Stewart, Abbie, and Petr E. Komers

2017. Ecology and Evolution. Volume 7, Issue 12. June 2017. Pages 4266–4274. DOI: 10.1002/ece3.3015


Full Description

Investigations of biophysical changes on earth caused by anthropogenic disturbance provide governments with tools to generate sustainable development policy. Canada currently experiences one of the fastest rates of boreal forest disturbance in the world. Plans to conserve the 330 000 km2 boreal forest in the province of Alberta exist but conservation targets and schedules must be aligned with rates of forest disturbance. We explore how disturbance rate, and the accuracy with which we detect it, may affect conservation success. We performed a change detection analysis from 1992 to 2008 using Landsat and SPOT satellite image data processing. Canada’s recovery strategy for boreal caribou (Rangifer tarandus caribou) states that ≤35% of a caribou range can be either burned or within 500 m of a man-made feature for caribou to recover. Our analyses show that by 2008 78% of the boreal forest was disturbed and that, if the current rate continues, 100% would be disturbed by 2028. Alberta plans to set aside 22% for conservation in a region encompassing oil sands development to balance economic, environmental, and traditional indigenous land-use goals. Contrary to the federal caribou recovery strategy, provincial conservation plans do not consider wildfire a disturbance. Based on analyses used in the provincial plan, we apply a 250 m buffer around anthropogenic footprints. Landsat image analysis indicates that the yearly addition of disturbance is 714 km2 (0.8%). The higher resolution SPOT images show fine-scale disturbance indicating that actual disturbance was 1.28 times greater than detected by Landsat. If the SPOT image based disturbance rates continue, the 22% threshold may be exceeded within the next decade, up to 20 years earlier than indicated by Landsat-based analysis. Our results show that policies for sustainable development will likely fail if governments do not develop time frames that are grounded by accurate calculations of disturbance rates.

Canada’s federal database is inadequate for the assessment of environmental consequences of oil and gas pipeline failures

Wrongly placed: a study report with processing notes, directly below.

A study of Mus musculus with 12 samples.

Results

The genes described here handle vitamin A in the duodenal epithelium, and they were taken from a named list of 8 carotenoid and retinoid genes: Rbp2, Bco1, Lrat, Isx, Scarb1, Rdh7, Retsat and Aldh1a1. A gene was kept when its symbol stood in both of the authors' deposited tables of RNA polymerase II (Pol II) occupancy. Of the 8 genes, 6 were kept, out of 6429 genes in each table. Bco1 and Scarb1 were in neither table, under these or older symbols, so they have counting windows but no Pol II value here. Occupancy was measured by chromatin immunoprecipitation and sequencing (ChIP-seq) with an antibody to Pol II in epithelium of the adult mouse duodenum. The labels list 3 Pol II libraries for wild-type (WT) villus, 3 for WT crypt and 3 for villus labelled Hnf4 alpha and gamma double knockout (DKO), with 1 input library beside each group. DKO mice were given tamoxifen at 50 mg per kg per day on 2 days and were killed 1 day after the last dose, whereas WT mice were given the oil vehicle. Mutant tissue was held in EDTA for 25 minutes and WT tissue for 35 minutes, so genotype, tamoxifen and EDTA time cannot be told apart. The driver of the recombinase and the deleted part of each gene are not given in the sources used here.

Chiara Belvederesi, Megan S. Thompson, Petr E. Komers

Environmental Reviews, Published on the web 25 May 2017, https://doi.org/10.1139/er-2017-0003


Full Description

In Canada, the National Energy Board (NEB) regulates inter-provincial oil and gas pipelines and maintains historical records that contain data on oil and gas pipeline accidents; these data include information about operators, the accidents’ cause, and the resulting consequences. New inter-provincial pipelines are being built in Canada to transport fuels, but no comprehensive statistical analysis of the risk to environmental receptors exists. This study assesses the quality and quantity of NEB pipeline failure data available in Canada with a focus on environmental consequences and investigates differences between Canada and a more thoroughly studied jurisdiction, the United States, in tracking accident data. The discrepancies in agencies’ jurisdiction and regulated mileage are analyzed, along with reporting criteria and initial recording year. The level of detail provided by the two agencies is compared, identifying deficiencies in data collection. The Pipeline and Hazardous Materials Safety Administration (PHMSA) regulates 76% of pipelines in the United States, whereas the NEB only monitors 9% of pipelines in Canada. PHMSA provides four databases that include accidents from the 1980s for most pipelines and from 2011 for liquefied natural gas facilities; the NEB database includes accident data starting from 2008, which derive primarily from transmission pipelines. Information about environmental consequences is quite detailed in the US database, which reports 21 descriptive fields, whereas in Canada only two NEB database fields describe environmental outcomes. Moreover, dissimilarities in accident reporting criteria prevent the combination of data from the two agencies. Consequently, the NEB database does not allow for statistically robust and system wide analysis of the environmental consequences of pipeline failures in Canada. Furthermore, to calculate failure rates (annual number of accidents per kilometre of pipeline) for regulated pipelines, annual total mileage estimates are required. Mileage per year is provided by PHMSA for gas gathering, transmission, and distribution pipelines starting from 1984, and for hazardous liquid pipelines from 2004; the NEB provides annual mileage from 2010, a shorter period of record. The Canadian federal agencies are encouraged to improve accuracy and consistency in recording past accidents and in collecting pipeline data, with the goal of preventing and minimizing future pipeline failures.